Reserve Bank of India (RBI) governor Shaktikanta Das announced a massive 75 basis points cut in repo rates as a measure to counter the economic slowdown caused by the COVID-19 pandemic.Every nation is under the effect of the pandemic COVID-19. It has not only claimed thousands of lives worldwide but also has caused disruption in the world economy.
While different nations are dealing with the situation their way, here are 8 steps by RBI to preserve financial stability in India:
Cut In Repo Rates & Reverse Repo Rates
What does Repo Rate mean? Repo rate refers to the rate at which commercial banks borrow money by selling their securities to the Central bank of our country i.e Reserve Bank of India (RBI) to maintain liquidity, in case of shortage of funds or due to some statutory measures.
It is one of the main tools of RBI to keep inflation under control. whereas, Reverse Repo Rate is when the RBI borrows money from banks when there is excess liquidity in the market. The banks benefit out of it by receiving interest for their holdings with the central bank.
Amidst the pandemic situation RBI has slashed repo rate by 75 bps to 4.40 percent while the reverse repo rate, which sets the floor of the liquidity adjustment facility (LAF), was reduced by 90 bps to 4 percent.
The idea behind cut in rates is to enable the banks to use their funds to help the productive sectors of the economy rather than passively depositing the funds in RBI.
Measures To Control Liquidity
The pandemic has caused chaos in the market resulting in large selloffs in the market, which in turnhas resulted in more liquidity, which may intensify redemption pressure. To counter this scenario, RBI has decided conduct auctions of long-term repo operation (LTRO) of up to three-year tenure of appropriate sizes for a total amount up to Rs 1 lakh crore at a floating rate linked to the policy repo rate.
The RBI governor emphasised that the liquidity availed by banks under the scheme has to be deployed in investment-grade corporate bonds, commercial papers and non-convertible debentures, over and above, the outstanding level of those investments in these bonds, as on March 25, 2020.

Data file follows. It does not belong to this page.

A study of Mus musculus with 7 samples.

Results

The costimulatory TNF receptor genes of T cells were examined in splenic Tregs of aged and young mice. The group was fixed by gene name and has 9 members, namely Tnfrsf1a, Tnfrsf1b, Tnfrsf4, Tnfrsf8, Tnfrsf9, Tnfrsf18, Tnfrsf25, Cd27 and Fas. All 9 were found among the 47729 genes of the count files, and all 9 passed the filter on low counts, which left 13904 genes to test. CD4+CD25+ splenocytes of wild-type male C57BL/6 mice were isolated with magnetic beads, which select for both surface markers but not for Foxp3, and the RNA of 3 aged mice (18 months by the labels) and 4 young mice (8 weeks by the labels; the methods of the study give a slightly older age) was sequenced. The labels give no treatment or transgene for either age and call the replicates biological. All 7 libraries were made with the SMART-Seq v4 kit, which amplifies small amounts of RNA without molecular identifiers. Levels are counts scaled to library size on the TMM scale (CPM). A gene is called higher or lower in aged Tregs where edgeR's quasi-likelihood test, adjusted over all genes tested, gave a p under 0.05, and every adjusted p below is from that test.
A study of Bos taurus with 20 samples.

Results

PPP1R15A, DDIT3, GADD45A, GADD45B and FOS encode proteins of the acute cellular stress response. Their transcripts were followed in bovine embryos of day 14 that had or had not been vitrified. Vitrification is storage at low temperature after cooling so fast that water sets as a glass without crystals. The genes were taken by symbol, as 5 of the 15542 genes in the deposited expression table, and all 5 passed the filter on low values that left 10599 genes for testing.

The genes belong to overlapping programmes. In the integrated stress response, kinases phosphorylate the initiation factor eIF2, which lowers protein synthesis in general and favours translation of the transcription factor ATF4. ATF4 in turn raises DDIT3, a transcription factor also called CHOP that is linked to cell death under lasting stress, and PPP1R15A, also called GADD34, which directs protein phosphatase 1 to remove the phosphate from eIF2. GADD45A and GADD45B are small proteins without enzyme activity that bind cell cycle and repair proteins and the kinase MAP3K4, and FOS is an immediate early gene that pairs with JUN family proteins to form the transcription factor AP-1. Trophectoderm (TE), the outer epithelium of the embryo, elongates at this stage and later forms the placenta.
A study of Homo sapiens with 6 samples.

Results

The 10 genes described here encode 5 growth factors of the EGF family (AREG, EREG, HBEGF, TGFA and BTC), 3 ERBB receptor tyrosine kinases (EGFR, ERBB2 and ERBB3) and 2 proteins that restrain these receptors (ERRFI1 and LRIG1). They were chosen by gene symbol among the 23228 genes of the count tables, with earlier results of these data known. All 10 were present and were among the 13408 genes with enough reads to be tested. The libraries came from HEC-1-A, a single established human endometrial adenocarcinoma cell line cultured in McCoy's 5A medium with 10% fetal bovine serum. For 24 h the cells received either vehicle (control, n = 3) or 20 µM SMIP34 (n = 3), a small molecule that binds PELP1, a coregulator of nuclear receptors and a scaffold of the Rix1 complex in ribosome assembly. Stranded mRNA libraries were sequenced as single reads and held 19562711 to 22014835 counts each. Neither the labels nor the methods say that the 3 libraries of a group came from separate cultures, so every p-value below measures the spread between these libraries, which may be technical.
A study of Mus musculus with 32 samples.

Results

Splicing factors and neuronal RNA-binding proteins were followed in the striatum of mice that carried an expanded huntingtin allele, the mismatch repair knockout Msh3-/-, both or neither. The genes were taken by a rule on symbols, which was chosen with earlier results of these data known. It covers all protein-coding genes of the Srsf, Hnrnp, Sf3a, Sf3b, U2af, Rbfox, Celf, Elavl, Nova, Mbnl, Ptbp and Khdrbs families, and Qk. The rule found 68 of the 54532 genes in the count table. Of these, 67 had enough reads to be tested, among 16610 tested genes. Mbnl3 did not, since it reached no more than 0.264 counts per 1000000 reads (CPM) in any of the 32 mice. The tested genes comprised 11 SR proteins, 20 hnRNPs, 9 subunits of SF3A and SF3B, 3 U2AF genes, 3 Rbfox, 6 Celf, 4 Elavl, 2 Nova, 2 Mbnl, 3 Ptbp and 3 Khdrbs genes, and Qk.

Though there's ample liquidity in the system, the distribution is highly asymmetrical. To tackle this,RBI has decided to reduce the cash-reserve-ratio (CRR) of all banks by 100 bps to 3 percent of net demand and time liabilities (NDTL) with effect from March 28 for a period of one year, to help the banks recover from the disruption caused by COVID-19 pandemic.
This reduction would release primary liquidity of about Rs 1.37 lakh crore uniformly across the banking system in proportion to liabilities of the constituents rather than in relation to their holding of excess SLR. The RBI also reduced the minimum daily CRR balance from 90 percent to 80 percent, effective March 28. This is a one-time dispensation available up to June 26, 2020.
Widening Monetary Policy Rate Corridor
Due to persistent excess liquidity in the market the RBI has decided to widen the monetary policy rate corridor from 50bps to 65bps. Under the new corridor, the reverse repo rate under the LAF would be 40 bps lower than the policy repo rate against the existing 25 bps.
Moratorium On Term Loans
All lending institutions have been permitted a three-month moratorium on payments of instalments of all term loans outstanding as of March 1, 2020.
Deferment Of Interest On Working Capital Facilities
Lending institutions can defer by three months payment of interest outstanding as on March 1 on working capital facilities sanctioned in the form of cash-credit and overdraft and such. The accumulated interest for the period will be paid at the end of the deferment period. Aditionally, the RBI governor has assured that the moratorium on term loans and the deferment of interest on working capital will not result in asset classification downgrade.
Easing Of Working Capital Financing
In respect of working capital facilities sanctioned in the form of cash credit, overdraft, lending institutions are allowed to recalculate drawing power by reducing margins or by reassessing the working capital cycle for borrowers.
RBI futher assured that it is at work in mission mode.It has been monitoring the evolving financial market and the macroeconomic conditions and calibrating its operations to meet any need for additional liquidity support as well as to take other measures if warranted.